Shyhrete Berisha, one of three survivors of the massacre in which more than 40 Albanian women, children and men were killed in Suva Reka, has described for the third time before the Tribunal how she lost her husband, four children and some 40 members of her family in an attack by Serbian police

Shyhrete Berisha, svjedok na suđenju Vlastimiru ĐorđevićuShyhrete Berisha, svjedok na suđenju Vlastimiru Đorđeviću

The trial of police general Vlastimir Djordjevic continued today with the evidence of one of the three survivors of the massacre in which some 40 members of the Berisha family were killed on 26 March 1999 in Suva Reka. Shyhrete Berisha lost her husband and four children that day. She miraculously survived the massacre, despite multiple wounds inflicted by bullets and hand grenades.

The witness described how the Berisha family property was surrounded on the day of the massacre by armed men in uniforms who had ran out of the police station nearby. One of them, whom she knew as Zoran, called everybody to leave the house in Albanian; he was swearing at them and telling them to ‘call their American friends now to help them’. In the chaos that ensued, six men were killed in the yard, including the witness’s husband Nexhat. She, her four children and many other family members then fled the place.

They stopped not far from their house and were forced to go into a pizzeria. The group numbered about 40 women and children, including the witness’s daughters, Herolinda, 14, and Majlinda, 16, and sons, Altin who was 11 and baby Radon who was two months old. As soon as they were forced into a pizzeria, fire was opened on them and then two hand grenades were thrown in.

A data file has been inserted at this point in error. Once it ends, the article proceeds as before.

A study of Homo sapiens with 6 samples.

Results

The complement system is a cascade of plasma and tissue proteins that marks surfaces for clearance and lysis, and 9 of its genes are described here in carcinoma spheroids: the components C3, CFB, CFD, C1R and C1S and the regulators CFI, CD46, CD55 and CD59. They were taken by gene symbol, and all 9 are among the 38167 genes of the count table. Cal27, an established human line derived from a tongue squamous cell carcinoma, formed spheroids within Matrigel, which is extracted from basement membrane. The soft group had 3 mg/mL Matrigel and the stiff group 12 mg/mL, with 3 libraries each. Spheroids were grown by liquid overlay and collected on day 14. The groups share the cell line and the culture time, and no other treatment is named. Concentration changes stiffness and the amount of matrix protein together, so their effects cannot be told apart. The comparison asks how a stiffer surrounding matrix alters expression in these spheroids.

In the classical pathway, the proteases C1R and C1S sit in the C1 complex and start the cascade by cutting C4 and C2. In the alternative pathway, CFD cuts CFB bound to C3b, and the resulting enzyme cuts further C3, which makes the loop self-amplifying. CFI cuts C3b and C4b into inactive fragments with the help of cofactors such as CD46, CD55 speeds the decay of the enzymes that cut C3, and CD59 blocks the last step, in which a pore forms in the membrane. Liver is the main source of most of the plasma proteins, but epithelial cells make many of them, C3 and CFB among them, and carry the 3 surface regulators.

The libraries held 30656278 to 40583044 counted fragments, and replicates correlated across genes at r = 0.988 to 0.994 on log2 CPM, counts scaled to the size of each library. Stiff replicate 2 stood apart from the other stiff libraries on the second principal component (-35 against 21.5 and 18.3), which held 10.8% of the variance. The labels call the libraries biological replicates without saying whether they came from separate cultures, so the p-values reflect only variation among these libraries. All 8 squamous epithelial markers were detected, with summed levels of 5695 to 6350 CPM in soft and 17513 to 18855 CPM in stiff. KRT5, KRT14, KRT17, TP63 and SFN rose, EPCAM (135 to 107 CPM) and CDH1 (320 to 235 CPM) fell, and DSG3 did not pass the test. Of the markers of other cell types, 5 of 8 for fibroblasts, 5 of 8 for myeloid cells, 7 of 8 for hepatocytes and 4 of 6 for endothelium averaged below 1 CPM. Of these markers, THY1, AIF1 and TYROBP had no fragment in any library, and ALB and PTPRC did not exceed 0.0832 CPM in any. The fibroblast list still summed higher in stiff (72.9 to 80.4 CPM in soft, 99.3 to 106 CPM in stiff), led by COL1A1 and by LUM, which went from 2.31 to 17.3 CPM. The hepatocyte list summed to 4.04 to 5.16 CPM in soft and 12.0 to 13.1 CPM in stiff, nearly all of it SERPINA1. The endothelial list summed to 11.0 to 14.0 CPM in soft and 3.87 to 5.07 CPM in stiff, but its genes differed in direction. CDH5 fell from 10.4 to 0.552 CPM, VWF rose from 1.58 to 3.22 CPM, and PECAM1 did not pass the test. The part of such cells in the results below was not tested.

The witness lay in a pool of blood, wounded to her leg, chest and abdomen. She was not the only survivor: her son Altin was also showing signs of life, but when the policemen saw that he was still alive, they shot him. They fired the coup de grace at her too, when they saw she was still alive, but the bullet hit her hand. She lost consciousness and the killers thought she was dead. Soon after the massacre, all the bodies were loaded onto a truck and taken towards Prizren. Two other survivors were in the truck together with the witness: a woman and a boy. They all jumped off the truck along the road. Local Albanians treated their wounds and then they were transferred to Albania.

In his cross-examination, Djordjevic’s defense counsel didn’t deny the crime, but tried to prove that the witness and her relatives were not victims of police officers, at least not of the ‘regular’ policemen who belonged to the Public Security Department, headed by the accused. The defense counsel insisted that Shyhrete Berisha could not have recognized local policeman Zoran Petkovic ‘by voice’ because she had never talked to him. She didn’t see the uniforms of the attackers either, he claimed. The witness admitted she did not know Zoran personally, but she knew ‘very well’ who he was. She didn’t want to discuss the uniforms at all, saying that those who committed the crime against her family were ‘uniformed and armed with automatic rifles’.

This is the third time Shyhrete Berisha has given evidence before the Tribunal. She has already testified at the trial of former Serbian president Slobodan Milosevic and that of his successor, Milan Milutinovic. Milutinovic and five other former Serbian officials are awaiting judgment for Kosovo crimes.